Using AWS and DevOps, software development is now 67% faster.
Lawrence Fong General Manager IT Solutions

Cathay Pacific Airways (Cathay Pacific) is an international airline registered and based in Hong Kong. It offers scheduled passenger and cargo services to nearly 200 destinations in 49 countries and territories. Headquartered at Hong Kong International Airport, the company is a member of the Swire Group and is a public company listed on the Hong Kong Stock Exchange. Cathay Pacific has made substantial investments to develop Hong Kong as one of the world’s leading global transportation hubs. The company operates 146 aircrafts and has orders in place for the latest Airbus A350-900, A350-1000, and Boeing 777-9X models. Cathay Pacific and its subsidiary Cathay Dragon employ around 18,500 staff in Hong Kong, making it one of the Hong Kong’s biggest employers.

Did you buy your last airline ticket online? The answer is probably yes. Since 2014, more than 90 percent of travelers have been buying airline tickets using website-based booking engines.

Given this statistic, the performance of an airline’s website and booking engine is crucial. “If there are problems with either, customers can’t buy their tickets—it’s that simple—and that really impacts revenues,” says Lawrence Fong, general manager of IT solutions at Cathay Pacific.

It’s not just revenues that suffer. The reputation of the airline suffers too. “Cathay Pacific is a great brand, and we need to protect that brand by making sure our customers have a great experience at every stage of their journey with us, and that includes whenever they use our online services,” comments Fong.

Delivering a high level of performance for Cathay Pacific’s website and booking engine was challenging. “We relied too much on manual processes for making website improvements. It was slowing down our pace of innovation,” says Fong. Because the website and booking engine were supported by a physical infrastructure, Cathay Pacific also faced time to market issues when it wanted to refresh and scale the platform. “We had to over-provision the platform to ensure that we could support a growing number of online customers,” he says.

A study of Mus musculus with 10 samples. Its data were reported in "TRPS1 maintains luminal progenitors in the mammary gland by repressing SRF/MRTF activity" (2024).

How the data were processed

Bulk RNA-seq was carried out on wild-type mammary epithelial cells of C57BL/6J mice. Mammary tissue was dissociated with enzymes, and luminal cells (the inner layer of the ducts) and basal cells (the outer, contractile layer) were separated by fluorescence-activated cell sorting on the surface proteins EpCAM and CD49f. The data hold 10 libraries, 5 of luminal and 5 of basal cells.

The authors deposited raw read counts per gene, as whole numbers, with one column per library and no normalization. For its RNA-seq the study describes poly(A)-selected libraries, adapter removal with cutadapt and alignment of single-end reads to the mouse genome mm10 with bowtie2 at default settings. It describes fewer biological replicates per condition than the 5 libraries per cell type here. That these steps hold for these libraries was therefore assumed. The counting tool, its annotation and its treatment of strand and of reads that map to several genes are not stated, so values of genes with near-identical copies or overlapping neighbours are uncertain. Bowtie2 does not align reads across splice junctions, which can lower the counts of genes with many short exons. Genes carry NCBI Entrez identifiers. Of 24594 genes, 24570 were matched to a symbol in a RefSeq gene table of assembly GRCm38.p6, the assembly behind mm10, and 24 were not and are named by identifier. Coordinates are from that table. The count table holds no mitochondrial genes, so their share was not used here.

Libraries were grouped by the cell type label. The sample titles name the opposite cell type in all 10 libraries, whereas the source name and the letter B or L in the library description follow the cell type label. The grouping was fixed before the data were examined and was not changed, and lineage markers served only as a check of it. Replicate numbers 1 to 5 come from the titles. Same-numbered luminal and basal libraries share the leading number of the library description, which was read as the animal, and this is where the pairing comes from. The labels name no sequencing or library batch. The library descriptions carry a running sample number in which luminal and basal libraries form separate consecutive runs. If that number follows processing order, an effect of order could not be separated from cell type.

Cathay Pacific planned to rearchitect its website and booking engine infrastructure. It looked to automate infrastructure, application deployment and scaling by using Red Hat OpenShift, a containerization software designed for the cloud. At this point, Fong looked at Amazon Web Services (AWS) as a possible cloud-service provider. “We looked at many public clouds but AWS scored most highly against our key criteria, which included stability, security, and breadth of services,” says Fong.

Cathay Pacific launched a three-month proof of concept (POC) using AWS, creating several sandbox environments to run cloud native toolsets. During the POC, the team found that Red Hat OpenShift performed well on the AWS Cloud and that AWS provided an agile development environment. He adds, “We saw that security was also locked-in to every layer of the AWS Cloud, which gave us peace of mind.”

Following the POC, Cathay Pacific refactored its website applications to a Red Hat OpenShift platform running on Amazon Elastic Compute Cloud (Amazon EC2) instances. The website infrastructure, which sits inside an Amazon Virtual Private Cloud (Amazon VPC), uses Amazon Relational Database Service (Amazon RDS) to store application data and transactional data from the website applications. The company also takes advantage of Amazon ElastiCache to provide in-memory data caching to speed up web application performance and Amazon Simple Storage Service (Amazon S3) for storing the site’s static imagery.

Today, Cathay Pacific no longer faces any challenges with the performance of its online services. “Since we moved to AWS, customers have seen an improvement in the performance of our website applications,” says Fong. “We haven’t seen any downtime and the refactored web applications have been 100 percent reliable. Not only does this helps the airline drive online revenues but it also protects the reputation of our brand.”

Development times have also improved significantly now that the website applications are running on AWS. “Software development is now 67 per cent faster using AWS and DevOps,” says Fong. “When new software is ready for release, it is moved to the AWS environment where DevOps automates deployment and Red Hat OpenShift enables environment scaling.”

The move to AWS ensures scalability, reliability, cost effectiveness and speed to market. Fong and his colleagues scale the infrastructure behind its website applications on-demand – and therefore the IT team avoids the need to overprovision. “Because we can dynamically scale our IT infrastructure with AWS, we’ve made resource savings of 50 per cent,” says Fong.  “The speed of development and provisioning enables us to focus on software innovation, which, in turn, has increased work satisfaction among IT employees because they can focus on what they love doing.”